By Ty Tagami
Georgia voters must soon consider whether to approve an enduring overhaul of K-12 education, and they’ll have little information to go on.
The November ballot will ask Georgians to decide whether they want a state-run district that would take over failing schools. A “yes” vote would amend the state constitution, creating change that would last long beyond an election cycle and become part of the fabric of the educational system.
Despite the magnitude and staying power of the proposal, voters will be taking a leap of faith. No other state has done exactly as Georgia proposes, so there is no clear trail to follow.
Many point to Louisiana, since that state launched an ambitious takeover plan that brought profound change to schools in New Orleans after Hurricane Katrina.
Debates persist about what to take away from the New Orleans experience, but a recent study from Tulane University found that student test scores “shot upward after the reforms,” and that high school graduation and college-entry rates climbed, too.
The lead researcher, Douglas Harris of Tulane, wrote of the study, “We are not aware of any other districts that have made such large improvements in such a short time.”
That’s where things get blurry for Georgia. Although proponents of the Peach State’s proposed Opportunity School District have pointed at New Orleans as a model, voters may want to focus closer to home, across the state line in Tennessee.
That’s where Vanderbilt professor Gary Henry says Georgians will find the nearest analogy to their school takeover plan. As with Tennessee’s Achievement School District (ASD), Georgia students would remain at their failing schools, but they would be placed under new administration. One of the options includes conversion to charter oversight.
New Orleans also converted its old neighborhood schools to charters, but Georgia’s proposal differs significantly from what happened there because in New Orleans the old attendance zones were eliminated along with the management. Students could enroll in any city school, so the neighborhood schools ceased to serve only the surrounding homes.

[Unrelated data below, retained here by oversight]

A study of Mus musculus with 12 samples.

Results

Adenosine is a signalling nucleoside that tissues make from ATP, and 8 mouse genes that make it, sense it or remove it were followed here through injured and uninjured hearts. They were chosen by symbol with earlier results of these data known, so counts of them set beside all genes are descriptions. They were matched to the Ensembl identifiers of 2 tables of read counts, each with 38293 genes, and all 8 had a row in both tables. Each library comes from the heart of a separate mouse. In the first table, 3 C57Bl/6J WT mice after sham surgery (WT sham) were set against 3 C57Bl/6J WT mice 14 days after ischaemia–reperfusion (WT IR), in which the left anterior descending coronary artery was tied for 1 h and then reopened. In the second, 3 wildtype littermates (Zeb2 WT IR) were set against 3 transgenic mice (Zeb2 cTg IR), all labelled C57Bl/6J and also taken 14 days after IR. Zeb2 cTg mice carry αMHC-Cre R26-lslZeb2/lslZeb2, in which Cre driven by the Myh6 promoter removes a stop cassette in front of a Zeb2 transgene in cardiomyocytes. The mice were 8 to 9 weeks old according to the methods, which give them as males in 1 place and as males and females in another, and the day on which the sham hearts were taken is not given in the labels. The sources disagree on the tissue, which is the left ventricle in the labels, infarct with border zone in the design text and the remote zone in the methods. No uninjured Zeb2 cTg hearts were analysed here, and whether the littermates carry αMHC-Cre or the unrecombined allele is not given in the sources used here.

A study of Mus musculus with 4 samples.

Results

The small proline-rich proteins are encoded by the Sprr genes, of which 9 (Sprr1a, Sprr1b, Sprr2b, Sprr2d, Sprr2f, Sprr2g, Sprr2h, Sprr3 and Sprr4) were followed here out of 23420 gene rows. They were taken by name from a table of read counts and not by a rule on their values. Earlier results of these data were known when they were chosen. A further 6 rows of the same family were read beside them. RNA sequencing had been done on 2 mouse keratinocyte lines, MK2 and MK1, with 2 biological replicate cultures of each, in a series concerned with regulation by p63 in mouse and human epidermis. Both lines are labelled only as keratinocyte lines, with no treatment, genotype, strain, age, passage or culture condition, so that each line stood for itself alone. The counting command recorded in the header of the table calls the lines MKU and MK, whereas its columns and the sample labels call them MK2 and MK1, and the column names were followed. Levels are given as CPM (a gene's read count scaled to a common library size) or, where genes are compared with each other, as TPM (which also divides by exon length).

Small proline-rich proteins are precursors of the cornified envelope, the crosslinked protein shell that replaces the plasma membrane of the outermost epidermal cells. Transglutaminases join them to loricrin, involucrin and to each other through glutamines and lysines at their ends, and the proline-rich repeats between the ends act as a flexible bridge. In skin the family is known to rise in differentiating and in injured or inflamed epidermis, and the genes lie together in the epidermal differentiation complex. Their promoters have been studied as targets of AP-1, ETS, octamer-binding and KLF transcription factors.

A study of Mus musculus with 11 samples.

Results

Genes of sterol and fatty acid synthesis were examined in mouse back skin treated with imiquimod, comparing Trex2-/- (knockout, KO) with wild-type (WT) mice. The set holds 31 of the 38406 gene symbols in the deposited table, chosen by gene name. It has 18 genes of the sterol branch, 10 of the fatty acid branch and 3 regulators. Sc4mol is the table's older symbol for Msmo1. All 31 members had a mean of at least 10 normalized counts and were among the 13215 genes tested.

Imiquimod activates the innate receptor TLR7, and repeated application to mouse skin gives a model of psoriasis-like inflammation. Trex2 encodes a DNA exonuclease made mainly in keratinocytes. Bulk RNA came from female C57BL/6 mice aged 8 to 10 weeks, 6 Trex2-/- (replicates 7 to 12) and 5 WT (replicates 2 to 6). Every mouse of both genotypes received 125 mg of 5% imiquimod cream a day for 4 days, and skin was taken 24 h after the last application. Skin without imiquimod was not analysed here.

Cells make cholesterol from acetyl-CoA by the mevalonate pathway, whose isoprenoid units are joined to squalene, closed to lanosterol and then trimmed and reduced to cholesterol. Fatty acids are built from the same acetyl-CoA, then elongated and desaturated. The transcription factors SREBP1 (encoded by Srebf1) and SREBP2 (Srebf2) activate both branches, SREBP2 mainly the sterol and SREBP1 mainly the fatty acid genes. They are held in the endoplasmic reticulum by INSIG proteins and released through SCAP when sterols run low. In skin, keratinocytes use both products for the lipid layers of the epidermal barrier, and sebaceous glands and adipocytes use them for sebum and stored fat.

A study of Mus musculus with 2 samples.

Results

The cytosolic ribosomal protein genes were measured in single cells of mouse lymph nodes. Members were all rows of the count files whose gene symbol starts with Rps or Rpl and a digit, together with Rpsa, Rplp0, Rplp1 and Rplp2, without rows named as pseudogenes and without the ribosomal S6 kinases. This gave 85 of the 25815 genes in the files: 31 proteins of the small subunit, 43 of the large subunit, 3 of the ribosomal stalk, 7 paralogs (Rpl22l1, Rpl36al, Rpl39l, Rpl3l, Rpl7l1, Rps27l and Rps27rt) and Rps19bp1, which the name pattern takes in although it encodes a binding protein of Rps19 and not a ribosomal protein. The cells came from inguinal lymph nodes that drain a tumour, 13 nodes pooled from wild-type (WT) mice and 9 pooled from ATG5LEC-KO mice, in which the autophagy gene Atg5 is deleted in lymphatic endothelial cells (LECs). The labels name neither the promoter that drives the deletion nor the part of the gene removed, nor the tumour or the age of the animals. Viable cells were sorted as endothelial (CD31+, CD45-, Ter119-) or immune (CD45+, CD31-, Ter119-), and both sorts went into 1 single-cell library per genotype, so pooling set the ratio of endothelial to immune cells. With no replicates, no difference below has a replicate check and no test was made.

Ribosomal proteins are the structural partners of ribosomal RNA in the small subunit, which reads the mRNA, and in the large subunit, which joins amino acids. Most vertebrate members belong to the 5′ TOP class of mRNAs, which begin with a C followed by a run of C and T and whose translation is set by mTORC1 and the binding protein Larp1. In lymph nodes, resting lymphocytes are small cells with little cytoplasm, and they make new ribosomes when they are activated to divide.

It’s an important distinction because demographic characteristics such as poverty correlate with academic performance, and property values tend to reflect performance, too. Schools in pockets of poverty tend to do poorly, while schools in middle-class neighborhoods typically do better.
The New Orleans takeover district broke that geographic link, but Georgia’s model, like the one in Tennessee, would keep it.
Last year, Henry and others published an evaluation of the Tennessee district’s effect, and said the performance has been uninspiring. He attributes it to a fish-out-of water problem: Charter schools have traditionally operated under a choice model, allowing parents to match student needs to the strengths of a school. That advantage was neutralized when these charters had to take all comers like the neighborhood schools they replaced.
Henry spoke at a recent conference for journalists who cover education, where he said Georgia’s constitutional amendment is based on a strategy that has produced few dividends in Tennessee.
“We’re just not seeing the data that this is helping kids,” he said.
Some schools in Tennessee have improved, but typically it was because they were not actually taken over. Rather, the threat of state intervention inspired a vigorous response from local systems, something that may already have inspired some metro Atlanta schools to act. The phenomenon was clearest in urban Tennessee districts that benefited from an infusion of state grants from a separate turnaround program called the “innovation zone.”
This basically set up a competition between the i-Zone districts and the ASD. The i-Zones saw bigger academic gains, Henry said.
By following a simple recipe: officials raised the pay and lured some of their best principals and teachers to high-poverty schools that had been neglected for years. The turnover rate fell relative to the ASD, leading to greater stability.
“The key ingredient to school turnaround,” Henry said, “is teacher recruitment and — let me underscore this three times – teacher retention.”
Henry knows Georgia well, having previously worked on education policy at Georgia State University. You can catch his talk in person: He’ll be speaking about the Opportunity School District at the University of Georgia’s State of Education conference this fall.